This seems to be a slippery slope issue for me. So I might as well write about it.
Today I was confronted to a similar situation I was a few weeks ago. (You can find that story here if you’re not familiar with it or it’s just been a while )I was approached today by a homeless man. He asked if I could spare some change to help him get something to eat.
Now, I struggled with this question. Longer then I wanted to. Longer than I feel most should. It’s a clear cut choice, right? Yes or no. I had just returned from procuring breakfast for myself, a very tasty and very lovingly made bagel. The perfect morsel I needed to start my day off right and be able to tackle the tasks ahead of me.
So when approached again, with someone in need and me being able to fulfill that need I felt I had no other way to react. Guilt rose up in me and I handed over my perfectly packaged breakfast and said, “Here. Enjoy and have a good morning.” I didn’t mind handing off my breakfast. In the moment, and even now as I’m talking about it, the act of giving felt very good.
But here’s the problem. This situation was different than the selfless sacrifice of my white chocolate mocha. This felt strange.
Like many of us who do give in all aspects of life, we run in to what is a very practical concern.
Now what am I going to eat?
Now, sure. I’m not homeless. I’m very capable and there are plenty of venues that I could and did eventually use to achieve more breakfast, but the point remains.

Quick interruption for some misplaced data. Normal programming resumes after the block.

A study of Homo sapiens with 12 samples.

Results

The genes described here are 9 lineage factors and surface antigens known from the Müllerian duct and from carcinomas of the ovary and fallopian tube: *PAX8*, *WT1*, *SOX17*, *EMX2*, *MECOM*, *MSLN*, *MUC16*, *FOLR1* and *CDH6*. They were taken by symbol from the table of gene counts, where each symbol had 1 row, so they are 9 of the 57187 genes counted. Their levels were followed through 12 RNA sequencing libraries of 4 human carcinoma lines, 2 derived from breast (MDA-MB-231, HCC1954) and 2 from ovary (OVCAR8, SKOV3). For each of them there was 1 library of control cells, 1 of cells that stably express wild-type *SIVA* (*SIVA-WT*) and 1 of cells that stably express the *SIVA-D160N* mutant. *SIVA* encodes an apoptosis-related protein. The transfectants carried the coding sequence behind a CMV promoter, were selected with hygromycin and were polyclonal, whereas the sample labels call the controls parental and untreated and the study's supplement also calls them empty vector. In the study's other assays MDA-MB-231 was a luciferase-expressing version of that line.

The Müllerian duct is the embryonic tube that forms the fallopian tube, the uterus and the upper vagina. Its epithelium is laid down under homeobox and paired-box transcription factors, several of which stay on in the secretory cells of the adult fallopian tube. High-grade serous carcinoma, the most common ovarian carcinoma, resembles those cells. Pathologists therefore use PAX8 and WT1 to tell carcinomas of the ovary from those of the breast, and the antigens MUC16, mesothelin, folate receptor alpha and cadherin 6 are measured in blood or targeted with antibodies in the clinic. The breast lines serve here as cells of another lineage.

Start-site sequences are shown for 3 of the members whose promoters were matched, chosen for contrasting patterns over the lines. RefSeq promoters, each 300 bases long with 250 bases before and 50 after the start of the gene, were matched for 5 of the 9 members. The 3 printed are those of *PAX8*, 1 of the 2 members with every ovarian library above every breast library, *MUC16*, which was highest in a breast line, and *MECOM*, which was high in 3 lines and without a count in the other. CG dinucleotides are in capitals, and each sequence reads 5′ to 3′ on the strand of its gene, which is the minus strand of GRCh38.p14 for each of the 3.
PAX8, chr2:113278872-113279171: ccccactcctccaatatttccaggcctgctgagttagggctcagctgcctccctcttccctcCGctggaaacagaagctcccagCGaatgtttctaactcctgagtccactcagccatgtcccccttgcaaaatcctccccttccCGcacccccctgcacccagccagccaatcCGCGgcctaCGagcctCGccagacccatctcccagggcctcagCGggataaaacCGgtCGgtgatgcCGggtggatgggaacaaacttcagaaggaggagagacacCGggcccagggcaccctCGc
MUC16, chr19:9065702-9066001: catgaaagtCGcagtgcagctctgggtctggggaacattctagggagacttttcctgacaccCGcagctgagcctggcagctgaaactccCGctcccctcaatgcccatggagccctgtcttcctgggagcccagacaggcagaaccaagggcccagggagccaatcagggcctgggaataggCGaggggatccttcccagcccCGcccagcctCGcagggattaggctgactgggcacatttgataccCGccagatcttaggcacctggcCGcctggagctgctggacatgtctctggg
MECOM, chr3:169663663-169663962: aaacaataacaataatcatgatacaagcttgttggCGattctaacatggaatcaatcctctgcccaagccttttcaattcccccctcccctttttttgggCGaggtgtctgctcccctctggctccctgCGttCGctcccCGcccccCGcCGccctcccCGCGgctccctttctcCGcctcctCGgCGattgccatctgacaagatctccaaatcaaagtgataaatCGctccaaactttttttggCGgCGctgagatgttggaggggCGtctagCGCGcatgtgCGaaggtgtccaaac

Sometimes, when we give of ourselves, what’s left?
So in that moment while my heart was full, my stomach was empty.
We are taught to give. And even altruism in itself is a scientific algorithm, there is something that to most thinking humans feels very wrong when someone asks you to give, and you say “no” but you more than could have.
I’m not preaching selfishness or selflessness. We have to take care of ourselves. And just like the last time this happened, I hope that this man takes the energy from the food I was able to provide him and do something to better his situation. It’s indeed a nicer day out that it has been in a while. And by no means do I think that my one act of bagel-based kindness is some grand selfless gesture and then expunges me from kindness for the rest of my natural life, I plan to and will continue to do more to improve the situation of the homeless in urban areas. In every way one crusading young lady can.
So I encourage you, fair readership, when you can do in fact give. Always give. We’re called to take care of each other because we’re all connected in this walk together. But, take care of yourself first. Keep enough that assures you can take care of yourself and keep yourself going. Don’t stretch yourself too thin.
You can’t save the world on an empty stomach.